THE SIMCOE MUSKOKA DISTRICT HEALTH UNIT
The Simcoe Muskoka District Health Unit (SMDHU) was recently presented with a handcrafted quilt to recognize the efforts of the staff and volunteers who worked tirelessly to make the community vaccination clinics a success. The quilt was created by COVID-19 vaccination clinic volunteer Jody Mayhew, who was inspired by those she worked with and the important work being done at the clinics.
“I was really moved by my experience as a clinic volunteer, and I felt compelled to design a quilt to commemorate the memory,” Mayhew said. “It was wonderful to be a part of a positive, unified team, working towards a common goal of helping the community.”
The art of quilt making is a part of many cultures worldwide. Often the layered fabric pieces document a story. Sometimes the story is simple and personal to a family, while others are meant for communities to see, learn from and remember.
The quilt’s pallet of vibrant colours was chosen to evoke the positive and optimistic feelings Mayhew and fellow volunteers experienced while working at the clinics. The quilt also incorporates the signatures of many dedicated volunteers who were an integral part of the team required to support the COVID-19 mass immunization efforts.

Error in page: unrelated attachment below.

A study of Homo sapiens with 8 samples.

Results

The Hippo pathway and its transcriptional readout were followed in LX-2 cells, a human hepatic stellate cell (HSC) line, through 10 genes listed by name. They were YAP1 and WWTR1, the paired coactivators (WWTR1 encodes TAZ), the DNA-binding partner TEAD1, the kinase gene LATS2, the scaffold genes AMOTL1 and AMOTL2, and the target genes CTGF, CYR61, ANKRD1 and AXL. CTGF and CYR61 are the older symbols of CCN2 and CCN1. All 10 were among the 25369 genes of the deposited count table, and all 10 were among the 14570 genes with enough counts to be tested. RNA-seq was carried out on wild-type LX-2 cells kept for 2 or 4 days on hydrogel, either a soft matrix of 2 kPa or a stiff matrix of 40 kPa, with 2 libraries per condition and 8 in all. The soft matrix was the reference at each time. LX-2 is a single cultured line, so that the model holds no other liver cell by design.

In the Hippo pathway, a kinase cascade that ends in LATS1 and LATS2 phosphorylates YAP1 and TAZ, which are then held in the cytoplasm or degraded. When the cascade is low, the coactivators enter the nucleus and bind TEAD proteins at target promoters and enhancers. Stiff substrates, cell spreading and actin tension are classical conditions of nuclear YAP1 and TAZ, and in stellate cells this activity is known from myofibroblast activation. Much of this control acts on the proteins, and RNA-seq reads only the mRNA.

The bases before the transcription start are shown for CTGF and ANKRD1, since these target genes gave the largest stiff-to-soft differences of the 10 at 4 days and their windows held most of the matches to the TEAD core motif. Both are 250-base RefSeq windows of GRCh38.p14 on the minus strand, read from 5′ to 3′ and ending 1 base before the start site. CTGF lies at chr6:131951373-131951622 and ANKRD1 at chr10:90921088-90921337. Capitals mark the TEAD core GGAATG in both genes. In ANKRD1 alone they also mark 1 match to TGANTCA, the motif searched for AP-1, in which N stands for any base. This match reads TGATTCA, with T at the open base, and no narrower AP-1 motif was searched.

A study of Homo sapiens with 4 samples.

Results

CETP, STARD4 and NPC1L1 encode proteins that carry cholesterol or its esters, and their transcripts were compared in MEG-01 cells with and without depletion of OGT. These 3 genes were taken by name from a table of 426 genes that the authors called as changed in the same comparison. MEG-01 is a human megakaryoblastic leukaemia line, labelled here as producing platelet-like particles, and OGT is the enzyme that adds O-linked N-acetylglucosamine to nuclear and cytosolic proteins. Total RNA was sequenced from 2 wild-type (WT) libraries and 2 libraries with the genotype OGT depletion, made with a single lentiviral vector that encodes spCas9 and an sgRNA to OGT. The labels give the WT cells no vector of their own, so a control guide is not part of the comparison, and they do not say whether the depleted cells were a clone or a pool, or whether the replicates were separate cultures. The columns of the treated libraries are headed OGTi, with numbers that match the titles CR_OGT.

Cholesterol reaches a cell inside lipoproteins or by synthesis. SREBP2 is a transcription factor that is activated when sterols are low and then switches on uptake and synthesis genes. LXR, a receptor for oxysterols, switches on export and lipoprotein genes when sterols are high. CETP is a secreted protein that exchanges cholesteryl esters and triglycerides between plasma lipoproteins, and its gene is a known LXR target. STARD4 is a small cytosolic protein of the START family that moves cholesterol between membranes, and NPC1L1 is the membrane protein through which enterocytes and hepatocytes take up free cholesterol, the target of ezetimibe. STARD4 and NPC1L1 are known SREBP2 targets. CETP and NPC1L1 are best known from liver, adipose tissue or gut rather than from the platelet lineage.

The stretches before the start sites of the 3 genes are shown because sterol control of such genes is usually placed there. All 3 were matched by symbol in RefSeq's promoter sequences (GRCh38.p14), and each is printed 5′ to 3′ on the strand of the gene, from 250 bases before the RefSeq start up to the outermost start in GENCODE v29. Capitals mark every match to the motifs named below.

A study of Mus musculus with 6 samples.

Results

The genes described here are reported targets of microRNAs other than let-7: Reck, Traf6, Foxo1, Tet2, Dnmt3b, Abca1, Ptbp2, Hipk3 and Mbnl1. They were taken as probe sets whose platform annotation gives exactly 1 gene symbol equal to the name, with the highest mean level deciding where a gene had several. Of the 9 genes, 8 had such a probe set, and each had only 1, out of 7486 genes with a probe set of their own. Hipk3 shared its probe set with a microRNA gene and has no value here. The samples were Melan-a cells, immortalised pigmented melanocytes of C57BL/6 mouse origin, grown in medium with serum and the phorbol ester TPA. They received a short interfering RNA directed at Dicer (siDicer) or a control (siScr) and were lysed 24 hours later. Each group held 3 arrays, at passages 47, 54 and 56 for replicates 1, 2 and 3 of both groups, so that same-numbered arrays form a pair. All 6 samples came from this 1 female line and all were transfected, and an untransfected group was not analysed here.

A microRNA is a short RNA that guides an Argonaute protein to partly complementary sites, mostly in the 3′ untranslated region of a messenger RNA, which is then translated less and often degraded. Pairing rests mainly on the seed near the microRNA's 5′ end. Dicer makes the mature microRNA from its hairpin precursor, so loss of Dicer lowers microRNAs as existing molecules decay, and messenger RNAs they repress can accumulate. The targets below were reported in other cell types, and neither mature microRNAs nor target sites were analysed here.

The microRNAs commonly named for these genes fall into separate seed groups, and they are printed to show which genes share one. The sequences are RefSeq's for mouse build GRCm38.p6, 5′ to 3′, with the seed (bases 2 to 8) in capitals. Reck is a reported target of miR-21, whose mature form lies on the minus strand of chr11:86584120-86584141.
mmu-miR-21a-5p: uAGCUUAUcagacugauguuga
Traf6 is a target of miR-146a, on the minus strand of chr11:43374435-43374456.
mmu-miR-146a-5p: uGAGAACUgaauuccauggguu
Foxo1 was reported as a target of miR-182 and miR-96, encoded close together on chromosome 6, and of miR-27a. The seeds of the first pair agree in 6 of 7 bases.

Mayhew is hopeful that the quilt will become a lasting symbol of strength shown by the Simcoe Muskoka community during the pandemic and a reminder of the rewarding experience of serving others through volunteering while helping to protect the health of Simcoe Muskoka residents.
“This beautiful, handcrafted quilt symbolizes the cooperative spirit of the health unit staff, volunteers and our community partners who worked tirelessly to provide well over 1.2 million doses of COVID-19 vaccine to our residents. It will proudly be displayed at our health unit offices, and we thank Jody for creating and gifting it to us,” said MaryAnn Holmes, acting assistant vice president of immunization. “I would also like to express our gratitude to all of the 671 clinic volunteers for their dedication, commitment, and positive contributions to our vaccination efforts.”
At every clinic, volunteers helped make it possible to deliver hundreds of vaccinations while ensuring the health and safety of each client. Volunteers contributed a wealth of knowledge gained through previous or professional experiences as current or retired nurses, teachers, police officers, allied health professionals, business executives, event planners, students, public servants, first responders, government employees and community citizens.
The health unit would also like to acknowledge the community partners who assisted with volunteer coordination, including Georgian Bay General Hospital, Matthews House Hospice and Orillia Soldiers’ Memorial Hospital.